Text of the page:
Harmony and Social Change
For decades, reconciliation efforts have been based on models of cooperative and positive interactions between members of groups in conflict. Extensive work had shown that such interactions improve attitudes and emotions across group lines – outcomes which are considered pivotal for promoting more harmonious, less conflictual, relations between groups. In our work we challenge the assumption that harmony between groups is the best recipe for solving intergroup tension. Our research demonstrates that harmonious relations can, quite paradoxically, serve to sustain the status quo by undermining disadvantaged group members' awareness of injustice and commitment for social change. We study such paradoxical effects, and also attempt to discover the type of harmony that can give rise to more sustainable social change. Read more about this project in a recent review paper published in Policy Insights from the Behavioral and Brain Sciences
Power & Contact
Almost any encounter between members of different groups involves differences in power. In our work we investigate how societal power dynamics shape intergroup encounters. We study dialogue groups, intergroup friendships, clinical encounters, and political negotiations. Our research reveals that power position has a significant impact on how one approaches encounters, experiences them and is affected by them.
Gender Relations as Power Relations
Relations between men and women, across the world, are shaped by differences in power. Women are still vastly underrepresented in powerful positions, earn less money than men for doing the same job, and are the primary victims of domestic violence. Yet, gender is a unique case of intergroup power because on an interpersonal level, members of the groups attempt to connect to one another and unite in harmony. In our research we focus on gender as a unique case of intergroup power, by investigating gender-based inequality in the workplace, and also in the interpersonal domain.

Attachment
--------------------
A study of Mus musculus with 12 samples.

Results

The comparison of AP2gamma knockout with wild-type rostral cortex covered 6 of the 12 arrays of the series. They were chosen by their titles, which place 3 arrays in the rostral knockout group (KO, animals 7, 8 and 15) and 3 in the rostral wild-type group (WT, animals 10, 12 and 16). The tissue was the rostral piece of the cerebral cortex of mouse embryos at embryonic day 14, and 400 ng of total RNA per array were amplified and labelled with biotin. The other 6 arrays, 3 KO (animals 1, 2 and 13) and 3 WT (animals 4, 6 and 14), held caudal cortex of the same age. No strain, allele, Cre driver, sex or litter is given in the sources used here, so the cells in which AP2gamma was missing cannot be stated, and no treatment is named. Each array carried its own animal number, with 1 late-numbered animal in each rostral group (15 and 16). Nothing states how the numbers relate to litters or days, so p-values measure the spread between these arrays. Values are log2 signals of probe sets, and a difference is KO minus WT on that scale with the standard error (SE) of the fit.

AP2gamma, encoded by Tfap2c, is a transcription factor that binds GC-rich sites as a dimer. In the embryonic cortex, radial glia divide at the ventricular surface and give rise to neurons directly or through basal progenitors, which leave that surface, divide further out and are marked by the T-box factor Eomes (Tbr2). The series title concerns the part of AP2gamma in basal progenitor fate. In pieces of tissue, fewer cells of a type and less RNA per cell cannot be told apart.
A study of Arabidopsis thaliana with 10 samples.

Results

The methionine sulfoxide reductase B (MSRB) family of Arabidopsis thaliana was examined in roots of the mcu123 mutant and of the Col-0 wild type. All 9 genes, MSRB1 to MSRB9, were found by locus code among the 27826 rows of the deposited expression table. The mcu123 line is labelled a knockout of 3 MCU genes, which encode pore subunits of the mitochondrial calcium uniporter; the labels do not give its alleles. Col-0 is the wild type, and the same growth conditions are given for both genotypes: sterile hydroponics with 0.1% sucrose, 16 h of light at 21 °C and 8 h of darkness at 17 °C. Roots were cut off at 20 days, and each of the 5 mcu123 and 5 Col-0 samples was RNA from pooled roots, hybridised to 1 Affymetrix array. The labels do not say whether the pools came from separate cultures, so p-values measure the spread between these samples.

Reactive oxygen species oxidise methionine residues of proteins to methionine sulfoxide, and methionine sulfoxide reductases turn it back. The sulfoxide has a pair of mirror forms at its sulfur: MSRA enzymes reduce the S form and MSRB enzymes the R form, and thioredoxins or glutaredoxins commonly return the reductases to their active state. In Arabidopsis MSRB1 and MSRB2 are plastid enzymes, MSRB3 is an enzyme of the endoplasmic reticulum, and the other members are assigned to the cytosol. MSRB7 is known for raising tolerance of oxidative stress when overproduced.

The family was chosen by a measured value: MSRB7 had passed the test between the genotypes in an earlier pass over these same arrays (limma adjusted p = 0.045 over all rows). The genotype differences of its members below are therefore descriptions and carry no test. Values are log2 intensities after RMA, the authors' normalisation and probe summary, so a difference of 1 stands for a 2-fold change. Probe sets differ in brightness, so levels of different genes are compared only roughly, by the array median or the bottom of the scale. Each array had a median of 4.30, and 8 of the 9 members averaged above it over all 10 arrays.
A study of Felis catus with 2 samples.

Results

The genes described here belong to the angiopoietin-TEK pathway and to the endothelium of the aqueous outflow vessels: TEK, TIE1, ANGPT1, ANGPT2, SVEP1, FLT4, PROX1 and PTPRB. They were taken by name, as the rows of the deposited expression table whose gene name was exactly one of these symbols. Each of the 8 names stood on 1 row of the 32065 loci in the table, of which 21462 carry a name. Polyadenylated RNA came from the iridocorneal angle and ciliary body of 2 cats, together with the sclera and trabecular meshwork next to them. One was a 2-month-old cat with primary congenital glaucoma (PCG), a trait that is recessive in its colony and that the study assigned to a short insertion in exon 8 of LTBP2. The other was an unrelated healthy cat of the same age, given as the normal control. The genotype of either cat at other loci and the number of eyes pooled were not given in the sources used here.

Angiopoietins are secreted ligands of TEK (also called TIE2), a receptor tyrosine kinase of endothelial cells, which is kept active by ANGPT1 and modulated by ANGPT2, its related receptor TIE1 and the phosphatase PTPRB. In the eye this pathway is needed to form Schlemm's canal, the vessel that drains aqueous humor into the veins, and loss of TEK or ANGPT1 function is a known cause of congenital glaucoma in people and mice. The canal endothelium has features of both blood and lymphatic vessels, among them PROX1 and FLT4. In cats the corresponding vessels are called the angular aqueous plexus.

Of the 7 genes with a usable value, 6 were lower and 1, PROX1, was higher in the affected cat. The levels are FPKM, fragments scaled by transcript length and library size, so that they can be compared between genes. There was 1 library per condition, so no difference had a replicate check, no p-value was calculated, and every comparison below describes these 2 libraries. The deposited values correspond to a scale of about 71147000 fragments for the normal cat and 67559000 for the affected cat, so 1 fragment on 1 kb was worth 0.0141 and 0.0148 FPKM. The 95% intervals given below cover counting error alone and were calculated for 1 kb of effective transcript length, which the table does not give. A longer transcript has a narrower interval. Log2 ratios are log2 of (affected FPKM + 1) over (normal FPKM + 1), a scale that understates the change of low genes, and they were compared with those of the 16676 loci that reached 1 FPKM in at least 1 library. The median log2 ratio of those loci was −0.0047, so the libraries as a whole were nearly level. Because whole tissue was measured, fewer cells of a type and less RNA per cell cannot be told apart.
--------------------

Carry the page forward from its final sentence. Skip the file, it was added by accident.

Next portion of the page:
When people act on behalf of their group to achieve group goals, they are engaging in collective action. Throughout history, collective action has played a critical role in social change. Extensive body of research has addressed various predictors of collective action. In this line of research we aim to expand understanding of collective action by examining novel predictors on part of disadvantaged groups, and psychological processes among advantaged groups who are exposed to collective action.